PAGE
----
I am in the very fortunate position that a large percentage of my time is spent online reading articles, postings and forums, so keeping up-to-date on what is going on in the world of Enduarance sports and training is pretty easy (and I get paid to do it).

I have come across any number of articles written about the Core, how to strengthen it, why you should include Core conditioning in your training etc.

A more interesting article I stumbled across was written about the role Core stability might play in the prevention of running injuries.

An Elite level marathon was video taped running barefoot on a treadmill, from the front and the back.

Clearly visible was that he had a noticeable pronation at his ankle (on foot strike the inside arch of his foot collapses inward).

The cause is generally associated with instability at the hip, resulting in the knee rotating inwards (called a Valgus loading), and this translates into the ankle pronation.

Our Elite runner did not have either of the Hip and Knee malalignment issues described above.

Interestingly enough, he had never experienced injury in his more than 15 years of racing at the highest level of competition.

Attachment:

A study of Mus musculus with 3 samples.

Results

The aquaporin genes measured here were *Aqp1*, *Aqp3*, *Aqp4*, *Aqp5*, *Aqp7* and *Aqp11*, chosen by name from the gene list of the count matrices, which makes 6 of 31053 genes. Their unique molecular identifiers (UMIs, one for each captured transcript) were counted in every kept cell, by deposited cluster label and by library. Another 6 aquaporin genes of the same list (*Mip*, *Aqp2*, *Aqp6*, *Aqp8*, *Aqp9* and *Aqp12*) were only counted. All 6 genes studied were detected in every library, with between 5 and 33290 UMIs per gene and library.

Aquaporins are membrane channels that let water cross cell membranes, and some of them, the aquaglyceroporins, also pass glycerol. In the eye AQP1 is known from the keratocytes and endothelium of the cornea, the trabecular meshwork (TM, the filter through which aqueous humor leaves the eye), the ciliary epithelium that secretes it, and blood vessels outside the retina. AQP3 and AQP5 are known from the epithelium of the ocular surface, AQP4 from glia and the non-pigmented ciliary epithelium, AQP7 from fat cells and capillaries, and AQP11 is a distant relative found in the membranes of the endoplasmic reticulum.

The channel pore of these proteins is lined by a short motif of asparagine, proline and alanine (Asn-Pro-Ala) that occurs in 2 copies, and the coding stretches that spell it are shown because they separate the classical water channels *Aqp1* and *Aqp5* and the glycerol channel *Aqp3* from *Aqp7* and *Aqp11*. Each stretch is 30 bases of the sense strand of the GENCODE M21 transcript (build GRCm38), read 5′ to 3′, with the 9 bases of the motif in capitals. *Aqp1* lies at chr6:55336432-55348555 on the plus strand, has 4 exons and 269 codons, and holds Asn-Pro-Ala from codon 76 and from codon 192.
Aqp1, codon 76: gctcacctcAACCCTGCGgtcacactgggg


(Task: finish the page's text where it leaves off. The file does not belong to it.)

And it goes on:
From behind, you would expect to see a noticeable movement of the Pelvic Girdle. There was none.

How is that possible? Well, the stabilizers of the Trunk and Pelvic Girdle (Transversus Abdominus, Internal and External Obliques and the Multifidus of the Spine) were able to keep the Pelvis stable, and this translated to no kinetic deviation further along the chain.

Enter the non-elite runner, who was running barefoot, and displaying only a very small amount of Pronation at the ankle, and had suffered from various injuries around the knee and the hip.

From behind, the culprit was easily identifiable - work Core stabilizers.

The hips were rocking and this translated into the "collapsing of the knee" inward as the foot planted on the surface, resulting in ankle Pronation.

The take away from this is that the implemetation of some basic Core strengthening exercises can play a crucial role in achieving optimal preformance and remaining injury free.

James Greenwood is a competitive tri and multisport athlete currently training for Ironman Canada 2009. A level 1 Triathlon Coach, he holds a post graduate degree in Exercise Science, and is a Certified Strength and Conditioning Specialist through the NSCA. James is also currently the resident health and fitness programs expert at MyPypeline.com, and has starred in a number of multisport specific fitness videos.